2012-09-20 / Outdoors


But will they slide?
By Alan Campbell of the Enterprise staff

CLEVELAND TOWNSHIP resident Ben Shimek shows a chinook caught earlier this season off Leelanau County aboard Watta Bite Charter. CLEVELAND TOWNSHIP resident Ben Shimek shows a chinook caught earlier this season off Leelanau County aboard Watta Bite Charter. Waters off the shoreline of Leelanau County this season have yielded the best salmon fishing in memory, although individual fish seem a bit on the small side.

As did Lake Huron in 2003, the year before the salmon population plummeted. It’s never recovered.

There are many similarities between the fisheries of Lake Michigan today and Lake Huron a decade ago, although a fish biologist with the state Department of Natural Resources believes the odds are slim that the salmon population will collapse in the coming years.

But he sees the possibility. That’s the main reason that Michigan has joined other states connected to Lake Michigan in agreeing to cut salmon stocks by 50 percent next season. Still, approximately 1.65 million chinook salmon are expected to be planted in the lake in 2013. Stockings of coho and lake trout would be unaffected.

Natural reproduction is estimated to account for approximately 50 percent of the adult chinook salmon population in Lake Michigan.

“I would imagine that catch rates would come down some, because we are really trying to reduce the salmon population,” said Jay Wesley, the Lake Michigan basin manager for the DNR. “But if we do that, we should see a stabilization of the fish so they won’t continue to get smaller.”

And if the DNR’s calculations are off?

“If we are absolutely wrong and we reduce stocking, then the remaining salmon should grow like crazy,” said Wesley.

Success of the lake’s salmon fishery actually has little to do with the salmon themselves, and everything to do with another fish species introduced to the Great Lakes, alewives. DNR surveys — a boat out of Charlevoix dragged a net in waters out of Leland and up and down the coast to determine alewife numbers — show that the amount of prey fish in Lake Michigan has remained depressed for several years, and may be on the verge of crashing.

If the Lake Michigan fishery undergoes another dramatic change — there have been many in the past century — it will come after a long warning. Adult alewives have been found at nearhistoric low numbers for eight years. Past surveys have turned up nine year-classes of alewives; only six year classes have shown up recently, and 80 percent of them came from a 2010 year class that’s being gobbled up quickly by salmon. After finding no evidence of recruitment in 2011, an average year for reproduction was detected this year.

Charter captains, who would normally be in favor of more rather than fewer salmon plants, recognize the growing problem, according to Bill Winowiecki of Cedar.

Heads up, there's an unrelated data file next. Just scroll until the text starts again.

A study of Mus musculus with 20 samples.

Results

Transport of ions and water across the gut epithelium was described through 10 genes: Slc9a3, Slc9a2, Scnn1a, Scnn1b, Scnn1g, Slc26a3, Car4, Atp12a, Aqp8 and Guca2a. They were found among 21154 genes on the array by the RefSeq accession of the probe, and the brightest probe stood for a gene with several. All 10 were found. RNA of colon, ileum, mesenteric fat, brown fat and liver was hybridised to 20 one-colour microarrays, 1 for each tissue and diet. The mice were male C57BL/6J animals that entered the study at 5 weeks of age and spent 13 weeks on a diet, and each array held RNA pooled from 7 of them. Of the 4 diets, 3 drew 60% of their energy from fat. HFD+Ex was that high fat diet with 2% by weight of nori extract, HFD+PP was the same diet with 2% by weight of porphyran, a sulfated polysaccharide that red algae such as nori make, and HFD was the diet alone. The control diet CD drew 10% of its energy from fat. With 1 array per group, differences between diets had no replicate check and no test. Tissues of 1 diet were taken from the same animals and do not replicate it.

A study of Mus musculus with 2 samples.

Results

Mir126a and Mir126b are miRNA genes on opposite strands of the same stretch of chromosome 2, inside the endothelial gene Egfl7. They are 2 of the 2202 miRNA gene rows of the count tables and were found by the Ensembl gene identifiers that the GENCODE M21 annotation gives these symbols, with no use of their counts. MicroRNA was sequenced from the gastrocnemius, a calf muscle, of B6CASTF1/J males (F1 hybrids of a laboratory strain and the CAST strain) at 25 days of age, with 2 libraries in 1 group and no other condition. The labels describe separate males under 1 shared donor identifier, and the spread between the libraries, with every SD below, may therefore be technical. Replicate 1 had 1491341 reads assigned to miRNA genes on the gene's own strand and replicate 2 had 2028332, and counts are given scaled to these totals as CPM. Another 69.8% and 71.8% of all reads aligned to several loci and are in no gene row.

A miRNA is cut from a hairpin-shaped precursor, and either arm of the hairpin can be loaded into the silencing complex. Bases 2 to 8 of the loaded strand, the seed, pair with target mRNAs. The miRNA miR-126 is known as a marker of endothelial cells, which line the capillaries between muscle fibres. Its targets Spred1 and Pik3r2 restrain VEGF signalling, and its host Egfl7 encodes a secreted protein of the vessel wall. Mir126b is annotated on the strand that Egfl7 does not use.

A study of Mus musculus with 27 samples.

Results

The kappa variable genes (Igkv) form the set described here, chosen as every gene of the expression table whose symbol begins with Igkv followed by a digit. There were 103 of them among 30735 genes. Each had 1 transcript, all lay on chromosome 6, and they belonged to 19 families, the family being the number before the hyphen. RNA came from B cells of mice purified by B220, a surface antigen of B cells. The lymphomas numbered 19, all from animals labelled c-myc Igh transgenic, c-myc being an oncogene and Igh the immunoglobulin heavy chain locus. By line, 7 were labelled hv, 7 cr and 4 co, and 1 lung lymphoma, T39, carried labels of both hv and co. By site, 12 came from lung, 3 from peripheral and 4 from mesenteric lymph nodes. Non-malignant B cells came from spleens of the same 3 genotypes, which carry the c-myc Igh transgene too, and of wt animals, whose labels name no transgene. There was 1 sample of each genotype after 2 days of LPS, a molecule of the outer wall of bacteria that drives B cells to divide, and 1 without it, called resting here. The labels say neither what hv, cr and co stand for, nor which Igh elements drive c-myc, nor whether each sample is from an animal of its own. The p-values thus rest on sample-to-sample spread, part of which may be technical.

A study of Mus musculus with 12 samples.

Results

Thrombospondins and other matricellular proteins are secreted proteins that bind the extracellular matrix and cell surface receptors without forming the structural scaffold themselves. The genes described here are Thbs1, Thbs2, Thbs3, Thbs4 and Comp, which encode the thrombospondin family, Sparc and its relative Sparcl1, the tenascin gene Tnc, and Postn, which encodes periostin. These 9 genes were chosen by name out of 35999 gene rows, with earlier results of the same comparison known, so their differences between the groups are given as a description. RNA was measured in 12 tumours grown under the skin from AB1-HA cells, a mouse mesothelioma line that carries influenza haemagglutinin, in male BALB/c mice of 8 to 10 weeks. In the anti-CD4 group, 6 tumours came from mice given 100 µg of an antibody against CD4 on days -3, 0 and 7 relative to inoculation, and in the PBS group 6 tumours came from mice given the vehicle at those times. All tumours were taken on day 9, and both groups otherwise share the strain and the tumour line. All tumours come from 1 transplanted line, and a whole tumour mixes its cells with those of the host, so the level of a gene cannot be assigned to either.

Winowiecki owns Watta Bite charters, and is a member of the Lake Michigan Citizens’ Advisory Committee, which went a step further in recommending that all salmon stocks be halted until the amount of prey fish had a chance to rebound.

Wesley said computer models show a 14 percent chance that the Lake Michigan alewife and salmon populations will crash. Winowiecki is worried.

“Right now, quite honestly, I don’t like what I see,” said Winowiecki. “I don’t want to throw that out there because I hope I’m wrong. We’re trying to prevent it. I know the DNR is very scared. We’ve got big problems in the lake.”

Salmon are plentiful and hungry, willing to chase spoon as far as it takes in hopes of a meal. But that’s because schools of alewives have been rare.

“I boated one 20 pound fish this summer. I don’t think (charters out of Fishtown) boated any between them. We have major, major issues out there. It’s not good. We’re at a point where our salmon fishery could crash. It could end up like Lake Huron,” Winowiecki continued.

The problem goes deeper than the most discussed aspect of the lake’s fishery, according to lifelong commercial fisherman Bill Carlson. Zebra and quagga mussels native to Europe’s Caspian Sea have taken over the lake bottom, making a living on small invertebrates and freshwater shrimp. They’ve cleaned up the water — and also taken a chunk out of an important food source for prey fish. With less food available, the total poundage of prey and predator fish was bound to decrease.

Included are fresh-water chubs, whose population has collapsed. The chubs were once a prime catch for commercial fishermen.

“Now there aren’t enough chubs to fish for them, and we don’t want to put any additional stress on their population,” said Carlson. “We’ve seen stocks of fish disappear before. Smelt have gone down to a little bit of nothing. So it can happen, and has happened,” he said.

He, too, supports a cut-back in salmon stockings. “It probably isn’t a bad idea to cut back on the plants. I saw what happened in Lake Huron, and it happened in only two years. My feeling is it’s better to be safe than sorry. The fish look healthy. There are a lot of young fish out there, so even if we cut back we won’t see a change for a couple years,” Carlson continued.

The Michigan Natural Resources Commission approved the cuts last week, although the DNR has yet to decide where they’ll take place.

“Leelanau doesn’t have as much stocking, but we do stock in Grand Traverse Bay and farther south in Manistee,” said Wesley. “You have a lot of wild fish there that move around ... they truly do mix in the lake throughout their lives.”

Winowiecki would rather be safe than sorry.

“It’s better to cut the plants and be wrong, then to not cut the plants and have the fishery crash and have it not come back,” he said.